By Lauren Taylor, PA
Reality TV star Dani Dyer says she is starting to feel like herself again, after adjusting to life as a mum to her one-year-old son.
The 25-year-old, who gave birth to Santiago – also known as Santi – in January 2021, says: “It’s a massive adjustment, you sort of go from one night to another. [When] you’re a parent, you’ve got to know what you’re doing. I feel like now I’ve started to just feel like myself again.”
She says becoming a parent has “definitely” changed her, “But I absolutely love it”.
Her ex-partner Sammy Kimmence, the father of her son, was convicted of defrauding two pensioners out of more than £34,000 and jailed for three-and-a-half years in July 2021.
Dyer has embraced single parenthood, and is now rumoured to be dating footballer Jarrod Bowen (her dad, EastEnders actor Danny Dyer, posted a picture of the pair on Instagram with the caption ‘If Carlsberg made son-in-laws’).
Speaking about her son, Dyer says: “We’ve found our feet, and we have so much fun together. And you build your confidence – I just feel so confident with parenting. Don’t get me wrong, I know there are many more challenges to come.”
Dyer, who shot to fame on the 2018 series of ITV’s Love Island, has been announced as an ambassador for the BBC’s Tiny Happy People – a digital, social and face-to-face initiative created by BBC Education. It aims to help parents and carers develop language and communication skills in children up to four years old.
We caught up with the mum-of-one to discuss the highs and lows of parenthood…
On her biggest challenges
Dyer says she “really did struggle” at the start. “I honestly wasn’t prepared for the rush of hormones. It was a little bit hard for me at the beginning. I remember when Santi was born, all I did was compare, and I always used to think, ‘Why can’t I breastfeed?’ I really, really struggled with that. I put so much pressure on myself.”
Like most parents, she found the lack of sleep difficult, too. “The sleep deprivation – a million thousand percent,” she says. “I’m one of those [people] – if I don’t have a good night’s sleep, the next day I just cannot function.
“I really, really don’t enjoy teething. He cut four top teeth at the same time, so it was a week of hell. He was in pain, and I couldn’t understand what it was. Once they all came through, it was such a relief for him, but now I’ve got that again [the next time it happens].”
She says she’s still learning to tell herself the tough moments are temporary. “It’s always just a phase, you’re going to come out [of it] and you’ll get your sleep back.”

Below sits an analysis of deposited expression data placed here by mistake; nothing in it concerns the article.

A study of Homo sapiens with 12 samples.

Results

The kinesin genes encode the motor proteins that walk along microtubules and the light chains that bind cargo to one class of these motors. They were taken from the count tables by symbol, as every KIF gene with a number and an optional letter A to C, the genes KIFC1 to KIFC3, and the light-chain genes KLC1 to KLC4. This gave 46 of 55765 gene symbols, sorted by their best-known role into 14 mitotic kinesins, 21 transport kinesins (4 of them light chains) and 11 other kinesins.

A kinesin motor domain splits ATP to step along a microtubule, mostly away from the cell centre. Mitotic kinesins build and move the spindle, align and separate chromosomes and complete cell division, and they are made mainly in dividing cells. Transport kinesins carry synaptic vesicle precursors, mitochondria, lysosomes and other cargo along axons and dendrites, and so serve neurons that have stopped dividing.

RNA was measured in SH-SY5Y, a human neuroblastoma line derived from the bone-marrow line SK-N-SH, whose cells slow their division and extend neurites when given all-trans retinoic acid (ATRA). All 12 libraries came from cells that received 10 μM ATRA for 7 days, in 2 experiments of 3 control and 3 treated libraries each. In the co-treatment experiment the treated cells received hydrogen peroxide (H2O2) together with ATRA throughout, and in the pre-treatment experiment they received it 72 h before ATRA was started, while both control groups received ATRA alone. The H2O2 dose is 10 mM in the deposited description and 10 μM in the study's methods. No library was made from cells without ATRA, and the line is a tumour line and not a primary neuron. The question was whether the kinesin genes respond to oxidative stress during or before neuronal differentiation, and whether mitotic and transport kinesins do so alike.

On being a young mum
Dyer gave birth to Santi when she was 24, but she says loves being a young mum.
“Most of my friends have had babies and my other friend is having hers next month, so it’s nice because we’ve all got our babies together. My mum and dad had me at 18, so that’s what I’d describe as quite young. I sort of grew up with them, so I’m excited to do the same with Santi.”
On her famous dad’s support
“He loves being a grandad, absolutely loves it. When [Santi] came, [Dad] just had this rush of emotions. If I go to the gym on a Saturday, he calls it ‘Grandad Saturday’ – he’s really, really brilliant.”
She acknowledges it must be hard for people who don’t have a solid support system. “You know, someone who doesn’t have their mum around the corner, or doesn’t have their friends around the corner… I’m lucky I’ve got people around me, but not everyone has that.”
On Santi’s milestones
At 14 months, Santi is standing and taking a few steps. “He’s still quite little, so it’s funny seeing him standing and trying to walk. He does this little surfing wave where he doesn’t really know if he wants to go or not. He’s getting there!”
Dyer says she speaks to him as much as possible, to help teach him to talk. “If he’s dropped something he says, ‘Uh-oh’. He says ‘Mum’, ‘Dad’, ‘Nan’. If I say ‘one’ he says ‘two, three, four’. He’s really cute.
“It’s so, so important just to keep talking to your child, even when you’re pregnant.”
On playing games
“We play a game called pots, pans and bang – you get pots and pans out the kitchen,” she says, describing how she bangs the pans – much to her son’s entertainment. “Santi loves to dance,” she adds.
“There’s also a game called ‘What’s in the bag?’ which is really useful, because you can put all different things in a pillow case and pull things out and go. They take it all in, you don’t realise how much they can store,” she says.
“What I love most is you don’t need to go out and buy loads of toys, you can just use stuff from home.”
On getting some ‘me time’
Even as a solo parent, Dyer says she manages to get some ‘me time’. “Now he’s getting older, you learn to find your own time. Especially now he goes to bed – I have my own time to have dinner or watch a Netflix series, I have a little bath, that’s my time. But I do go to bed early – I love and early night!
“I don’t really remember life before being a mum. I definitely remember being able to have a lie in and being able to get up and do what [I] wanted for the day! But because I feel like I’m really settled in it, I can’t really remember life before it.
“I just love the unconditional love you feel, and being able to just wake up every day and have that little person – they are your best friend for life.”
Ultimately, Dyer says: “We’re all on our own paths. And we’re just winging it, really.”
Dani Dyer will be filming videos for the Tiny Happy People social channels, and sharing her daily life with Santi alongside hints and tips for parents and carers. Visit bbc.co.uk/tiny-happy-people.